Let’s talk about distractions

If I can lay claim to being world class at anything, it is procrastination. There is always another tweet to read, or cup of tea to be made.

Human nature, of course. But retail news this week has gotten me thinking about how getting distracted and taking our “eye off the ball” can be not just a personal challenge but a corporate one too.

In the week when the UK CMA finally shut down any idea of a merger between Sainsbury’s and Asda, a lot of the commentary has focused on the extent to which this merger approval process, coupled with the challenge of digesting the earlier acquisition of Argos, might have led to a period where the core Sainsbury’s business has gone “off the boil”. Twitter is full of pictures of half-stocked shelves and other supermarket faux-pas.

I have no idea whether Sainsbury’s under-performance of the wider market for groceries in recent quarters is actually related to leadership team distraction, but I certainly recognise the danger. I’ve seen several otherwise successful businesses go into ‘sale mode’ where they are either looking to change from one PE owner to another or perhaps float on the stock market and immediate start showing all the symptoms of having lost sight of the key drivers of business performance.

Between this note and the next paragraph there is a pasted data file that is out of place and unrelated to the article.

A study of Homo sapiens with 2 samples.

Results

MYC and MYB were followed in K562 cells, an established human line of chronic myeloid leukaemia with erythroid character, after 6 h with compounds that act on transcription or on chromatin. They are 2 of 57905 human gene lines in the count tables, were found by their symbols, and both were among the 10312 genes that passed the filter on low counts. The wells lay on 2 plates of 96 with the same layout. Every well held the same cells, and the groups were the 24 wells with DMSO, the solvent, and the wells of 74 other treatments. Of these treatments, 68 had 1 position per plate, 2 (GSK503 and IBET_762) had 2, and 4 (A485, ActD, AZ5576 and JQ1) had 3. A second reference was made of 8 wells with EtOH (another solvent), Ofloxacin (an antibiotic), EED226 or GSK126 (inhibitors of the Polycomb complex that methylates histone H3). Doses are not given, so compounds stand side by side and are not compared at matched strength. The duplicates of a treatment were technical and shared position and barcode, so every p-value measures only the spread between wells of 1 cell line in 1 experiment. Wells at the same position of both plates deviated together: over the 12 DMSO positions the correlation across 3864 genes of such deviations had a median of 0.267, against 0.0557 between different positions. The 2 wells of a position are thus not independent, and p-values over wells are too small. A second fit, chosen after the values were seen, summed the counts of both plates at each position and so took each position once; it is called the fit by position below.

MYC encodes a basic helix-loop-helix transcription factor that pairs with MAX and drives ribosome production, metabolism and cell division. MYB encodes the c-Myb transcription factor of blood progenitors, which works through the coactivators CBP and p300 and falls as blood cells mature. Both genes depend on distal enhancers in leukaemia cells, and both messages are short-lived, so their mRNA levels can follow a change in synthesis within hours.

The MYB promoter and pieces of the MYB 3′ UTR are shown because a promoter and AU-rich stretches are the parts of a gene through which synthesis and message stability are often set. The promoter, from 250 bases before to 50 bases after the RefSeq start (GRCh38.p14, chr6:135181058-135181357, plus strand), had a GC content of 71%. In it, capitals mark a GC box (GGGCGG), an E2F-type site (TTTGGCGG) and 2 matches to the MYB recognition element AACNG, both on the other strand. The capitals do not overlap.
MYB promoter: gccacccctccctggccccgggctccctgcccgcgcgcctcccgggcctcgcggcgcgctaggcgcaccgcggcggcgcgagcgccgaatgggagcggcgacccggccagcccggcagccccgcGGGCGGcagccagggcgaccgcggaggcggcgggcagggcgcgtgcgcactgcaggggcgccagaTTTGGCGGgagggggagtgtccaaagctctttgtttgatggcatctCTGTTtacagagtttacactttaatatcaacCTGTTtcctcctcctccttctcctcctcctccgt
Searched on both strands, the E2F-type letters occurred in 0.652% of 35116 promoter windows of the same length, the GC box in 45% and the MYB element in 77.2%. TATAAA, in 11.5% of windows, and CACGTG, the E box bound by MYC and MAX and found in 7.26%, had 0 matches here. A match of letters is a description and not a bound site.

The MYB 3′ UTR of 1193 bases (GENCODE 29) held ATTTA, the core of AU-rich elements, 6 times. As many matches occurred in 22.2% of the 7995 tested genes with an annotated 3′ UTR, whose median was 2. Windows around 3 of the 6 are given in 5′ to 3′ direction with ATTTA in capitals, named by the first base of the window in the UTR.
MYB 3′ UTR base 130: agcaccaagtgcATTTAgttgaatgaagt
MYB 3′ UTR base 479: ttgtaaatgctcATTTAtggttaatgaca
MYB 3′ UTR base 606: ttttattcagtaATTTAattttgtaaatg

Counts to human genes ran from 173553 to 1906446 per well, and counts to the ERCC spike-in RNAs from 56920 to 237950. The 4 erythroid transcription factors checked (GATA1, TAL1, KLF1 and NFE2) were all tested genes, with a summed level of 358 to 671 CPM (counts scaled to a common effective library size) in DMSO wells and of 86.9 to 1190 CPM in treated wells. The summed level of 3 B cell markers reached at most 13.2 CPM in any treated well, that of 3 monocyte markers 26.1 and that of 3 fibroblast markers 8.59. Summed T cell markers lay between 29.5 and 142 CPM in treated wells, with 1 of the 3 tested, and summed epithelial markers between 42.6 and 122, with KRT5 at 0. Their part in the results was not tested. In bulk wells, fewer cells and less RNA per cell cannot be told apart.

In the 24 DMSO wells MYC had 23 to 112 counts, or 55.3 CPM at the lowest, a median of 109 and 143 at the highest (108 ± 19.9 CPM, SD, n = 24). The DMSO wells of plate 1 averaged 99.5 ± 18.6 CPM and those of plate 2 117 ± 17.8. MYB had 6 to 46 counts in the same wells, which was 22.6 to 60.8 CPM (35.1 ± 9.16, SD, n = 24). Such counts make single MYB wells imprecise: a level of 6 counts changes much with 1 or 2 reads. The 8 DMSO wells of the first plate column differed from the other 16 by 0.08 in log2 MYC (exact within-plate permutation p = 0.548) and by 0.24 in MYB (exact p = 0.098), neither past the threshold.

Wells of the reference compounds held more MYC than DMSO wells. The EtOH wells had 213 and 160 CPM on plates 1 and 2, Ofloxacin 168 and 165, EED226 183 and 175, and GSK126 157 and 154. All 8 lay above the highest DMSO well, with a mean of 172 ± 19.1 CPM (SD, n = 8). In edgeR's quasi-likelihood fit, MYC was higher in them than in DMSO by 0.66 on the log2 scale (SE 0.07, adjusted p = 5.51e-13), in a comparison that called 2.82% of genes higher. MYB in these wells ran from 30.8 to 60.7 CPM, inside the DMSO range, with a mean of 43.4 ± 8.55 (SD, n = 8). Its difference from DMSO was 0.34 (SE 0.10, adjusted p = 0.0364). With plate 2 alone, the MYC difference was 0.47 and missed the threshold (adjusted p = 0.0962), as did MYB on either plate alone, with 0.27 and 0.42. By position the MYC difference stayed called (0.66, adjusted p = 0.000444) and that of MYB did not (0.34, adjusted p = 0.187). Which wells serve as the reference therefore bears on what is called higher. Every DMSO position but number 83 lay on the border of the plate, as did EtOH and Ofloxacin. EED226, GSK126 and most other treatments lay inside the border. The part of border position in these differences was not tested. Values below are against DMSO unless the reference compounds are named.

At the other end of the spectrum, distraction is also a huge challenge for businesses which are under-performing already. A leadership team spending all day in meetings with banks and advisers about refinancings or a CVA is not spending time on turning the core operation around.

On the face of it, it seems odd that these corporate events can so distract a big retail or hospitality business from its core mission. After all, these businesses employ thousands of people and the corporate restructuring or M&A stuff probably only involves a few dozen in the centre.

It is easy to throw rocks at businesses showing the symptoms of “distraction disease” – if you’ve built a team where the absence of close attention from a few senior people causes the wheels to come off, you obviously haven’t built a very good team, have you?

But I’m not sure it is as simple as that – even the strongest and best-led businesses still seem to be vulnerable to distraction. I think that is often because the “big secret project” the senior team are working on is, in the real world, not secret at all – and distracts not just them but hundreds of other leaders around the business who inevitably begin to wonder what change will mean for them and their friends.

I wonder if the best response to the dangers of business distraction is to call it out directly. Be as open as possible about the “big secret project” but also engage the wider leadership of the business in an explicit conversation about the dangers of distraction and the need for everyone to help each other stay focused. As with many cultural negatives, distraction thrives in the dark. The self-aware leadership team that shines a light on the topic will probably do just fine.